Syrian opposition demands investigation into alleged chemical weapon attack
David Cameron warns failure to relax EU arms embargo could lead to massacres like Srebrenica
Israeli doctors stand at the bedside of a Syrian at Rambam Hospital in the northern Israeli city of Haifa. Israeli soldiers gave medical treatment today to four Syrians wounded in fighting near the ceasefire line on the Israeli-occupied Golan Heights, the army said. Photograph: Pioter Fliter/Rambam Hospital/Reuters
Syria ’s main opposition group has demanded a full international investigation into an alleged chemical weapons attack in the country’s north.
The Syrian National Coalition has also asked for an international delegation to be sent to the site of the missile attack in the village of Khan al-Assal in Aleppo province.
The call by the coalition comes a day after Syria’s government and rebels traded accusations about the attack. If it is confirmed, it would be the first time a chemical weapon was used in Syria’s two-year-long crisis.
Washington said there was no evidence a chemical attack had taken place.
Syria’s state-run Al-Baath newspaper said that countries backing the rebels are indirectly responsible for the attack. The report said the use of such weapons changes “the rules of the conflict.”
British prime minister David Cameron said today that reports of a chemical attack in Syria strengthened the case for relaxing a Eu ropean Union arms embargo on the country, and warned that a failure to do so could lead to the kind of wartime massacres seen in Bosnia.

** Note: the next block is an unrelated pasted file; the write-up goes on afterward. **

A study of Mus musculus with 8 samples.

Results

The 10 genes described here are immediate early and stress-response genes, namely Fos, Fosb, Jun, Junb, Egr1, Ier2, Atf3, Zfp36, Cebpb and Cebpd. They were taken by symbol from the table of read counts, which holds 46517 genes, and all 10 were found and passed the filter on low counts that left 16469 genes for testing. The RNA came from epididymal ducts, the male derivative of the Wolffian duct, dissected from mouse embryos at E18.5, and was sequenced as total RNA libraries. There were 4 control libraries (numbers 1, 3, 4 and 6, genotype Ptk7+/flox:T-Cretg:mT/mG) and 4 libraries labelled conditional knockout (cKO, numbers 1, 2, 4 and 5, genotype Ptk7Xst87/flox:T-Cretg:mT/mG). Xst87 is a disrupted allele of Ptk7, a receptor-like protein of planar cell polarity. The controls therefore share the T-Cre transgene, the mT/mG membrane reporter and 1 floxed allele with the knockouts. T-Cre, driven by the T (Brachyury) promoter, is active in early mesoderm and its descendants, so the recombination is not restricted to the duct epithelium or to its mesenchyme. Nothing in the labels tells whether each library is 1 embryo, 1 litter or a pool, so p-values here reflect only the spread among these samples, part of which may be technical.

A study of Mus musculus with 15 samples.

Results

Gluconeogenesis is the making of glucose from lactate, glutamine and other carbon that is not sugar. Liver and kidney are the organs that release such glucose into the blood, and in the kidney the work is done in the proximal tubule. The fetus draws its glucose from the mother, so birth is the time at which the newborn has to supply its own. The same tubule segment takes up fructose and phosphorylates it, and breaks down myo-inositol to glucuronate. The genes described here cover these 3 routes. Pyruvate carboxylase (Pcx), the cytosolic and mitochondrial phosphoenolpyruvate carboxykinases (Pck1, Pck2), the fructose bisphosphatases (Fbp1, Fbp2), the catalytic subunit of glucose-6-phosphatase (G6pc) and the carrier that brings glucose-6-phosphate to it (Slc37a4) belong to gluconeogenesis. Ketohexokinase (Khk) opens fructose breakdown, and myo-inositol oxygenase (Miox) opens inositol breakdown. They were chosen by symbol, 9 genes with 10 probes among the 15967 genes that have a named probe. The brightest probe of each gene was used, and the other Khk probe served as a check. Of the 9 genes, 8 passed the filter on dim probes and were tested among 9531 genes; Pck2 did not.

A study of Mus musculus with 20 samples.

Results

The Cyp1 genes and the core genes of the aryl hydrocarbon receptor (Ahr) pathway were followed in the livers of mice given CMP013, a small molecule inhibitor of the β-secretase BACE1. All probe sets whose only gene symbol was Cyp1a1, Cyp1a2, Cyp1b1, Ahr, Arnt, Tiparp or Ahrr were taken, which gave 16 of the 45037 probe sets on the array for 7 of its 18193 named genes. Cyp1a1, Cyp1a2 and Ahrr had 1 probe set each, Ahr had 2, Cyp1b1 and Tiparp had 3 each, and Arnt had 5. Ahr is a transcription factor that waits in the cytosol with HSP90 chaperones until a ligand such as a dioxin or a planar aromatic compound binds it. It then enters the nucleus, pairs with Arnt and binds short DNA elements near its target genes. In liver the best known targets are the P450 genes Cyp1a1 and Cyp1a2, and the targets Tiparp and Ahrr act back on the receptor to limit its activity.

Britain and France are pushing for the EU ban to be eased to allow a flow of arms to outgunned rebels waging a two-year-old uprising against Syrian President Bashar al-Assad, but several EU countries and Russia oppose the move.
"The French president is concerned and I am concerned that we should not be restricted for months and months ahead when we don't know exactly what could happen in Syria, including the very worrying reports of use of chemical weapons," Mr Cameron told parliament.
The current arms embargo is part of a package of sanctions on Syria that expires on June 1st, but Britain and France have pushed to review the ban earlier.
Both countries tried in vain to convince other EU leaders to relax the embargo at a European Council meeting last week, and EU foreign ministers are expected to discuss the issue further at a meeting in Dublin Castle this weekend.
"I felt (while) sitting round the European Council chamber, there was a slight similarity between some of the arguments being made about not putting more weapons into Syria, that seemed to me very familiar to the discussions we had about Bosnia, and the appalling events that followed," Mr Cameron said.
Thousands of Muslim men and boys were killed in the Srebrenica massacre during the 1992-1995 Bosnian war, deaths many blamed on inaction by the international community.
Dr Assad is widely believed to have a chemical weapons arsenal.
Syrian officials have neither confirmed nor denied this but have said that if it existed it would be used to defend against foreign aggression, not against Syrians. There have been no previous reports of chemical weapons in the hands of insurgents.